May 24, 2023 — The fourth most common neurological disorder in the world is epilepsy, according to the Epilepsy Foundation. Individuals who have the disorder experience surges of electrical activity in their brains that can cause recurring seizures. At the base of those electrical signals is a protein called the ionotropic glutamate receptor (iGluR). Problems with this protein cause the seizures, as well as degeneration of nerve cells.
According to Maria Kurnikova from Carnegie Mellon University, when the glutamate receptor “is a little bit too excitable, when it stays open too long, it immediately goes to disorders of the brain.” She would know – she worked with her graduate students and Electrophysiologist Alexander Sobolevsky, an iGluR structure pioneer at Columbia University, to thoroughly examine the motions of iGluR when glutamate attaches to it.
Running molecular dynamic (MD) simulations – among the most complex that Kurnikova’s team had attempted – on Anton 2 and repeating computations using Bridges-2’s powerful GPUs, the scientists found a mixture of kinks with various numbers of glutamate bound. An analysis of the MD data using machine learning artificial intelligence helped tease apart these complex states.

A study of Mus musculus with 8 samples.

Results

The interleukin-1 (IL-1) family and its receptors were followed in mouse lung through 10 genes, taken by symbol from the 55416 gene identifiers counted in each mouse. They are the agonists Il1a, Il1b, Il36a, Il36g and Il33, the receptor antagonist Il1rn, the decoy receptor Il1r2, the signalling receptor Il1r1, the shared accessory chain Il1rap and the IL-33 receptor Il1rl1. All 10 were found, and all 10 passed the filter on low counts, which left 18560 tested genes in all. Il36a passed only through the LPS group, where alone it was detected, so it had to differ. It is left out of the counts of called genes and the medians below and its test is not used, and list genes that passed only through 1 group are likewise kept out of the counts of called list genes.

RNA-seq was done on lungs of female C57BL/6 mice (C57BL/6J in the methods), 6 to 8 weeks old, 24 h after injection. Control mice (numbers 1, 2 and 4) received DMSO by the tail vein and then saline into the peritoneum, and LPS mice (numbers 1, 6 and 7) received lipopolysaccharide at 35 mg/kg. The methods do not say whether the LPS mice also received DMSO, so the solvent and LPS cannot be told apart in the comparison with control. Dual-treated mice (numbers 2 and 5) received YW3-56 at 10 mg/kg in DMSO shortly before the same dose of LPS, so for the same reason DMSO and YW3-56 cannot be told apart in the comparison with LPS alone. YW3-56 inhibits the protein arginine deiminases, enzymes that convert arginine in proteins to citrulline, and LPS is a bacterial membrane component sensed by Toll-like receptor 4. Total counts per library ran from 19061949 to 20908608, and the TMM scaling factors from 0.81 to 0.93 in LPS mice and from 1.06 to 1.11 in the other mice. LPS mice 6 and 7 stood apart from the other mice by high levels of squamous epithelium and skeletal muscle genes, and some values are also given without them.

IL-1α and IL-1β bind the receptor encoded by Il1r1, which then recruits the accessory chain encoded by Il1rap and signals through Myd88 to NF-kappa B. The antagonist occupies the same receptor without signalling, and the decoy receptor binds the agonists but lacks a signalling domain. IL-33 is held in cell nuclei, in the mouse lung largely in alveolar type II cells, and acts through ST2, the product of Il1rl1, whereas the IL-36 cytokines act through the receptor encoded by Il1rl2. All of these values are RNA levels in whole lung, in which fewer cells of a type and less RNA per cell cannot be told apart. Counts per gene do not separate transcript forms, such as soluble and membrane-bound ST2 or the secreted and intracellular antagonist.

The scientists anticipate additional work to clarify the activity of the glutamate-bound iGluR. But for now, they have shed light on how this important but complicated protein works. It’s the first step in designing new drugs to affect the receptor, giving doctors new options for helping people with problems in this life-critical protein.
“There’s one single FDA-approved drug to inhibit [these] receptors – perampanel,” explained Kurnikova. “But no one knew how it worked on the channel … We produced an enormous amount of simulation data using Anton and [Bridges-2] … It was a difficult problem to simulate the [current] fluctuations, [a] small signal in really noisy data.”
University: Carnegie Mellon University
Funding Agency: This work was supported by the NIH (grant nos. U24 GM129539, U24 GM129541, R01 NS083660, R01 GM128195 and R01 AG065594, R01GM116961, R01 CA206573, R01 NS083660, R01 NS107253 and R01 AR078814). This work also was supported by the NSF (grant nos. 1818213, 1563291, ACI-1548562 and 1818086) and the Simons Foundation (grant no. SF349247).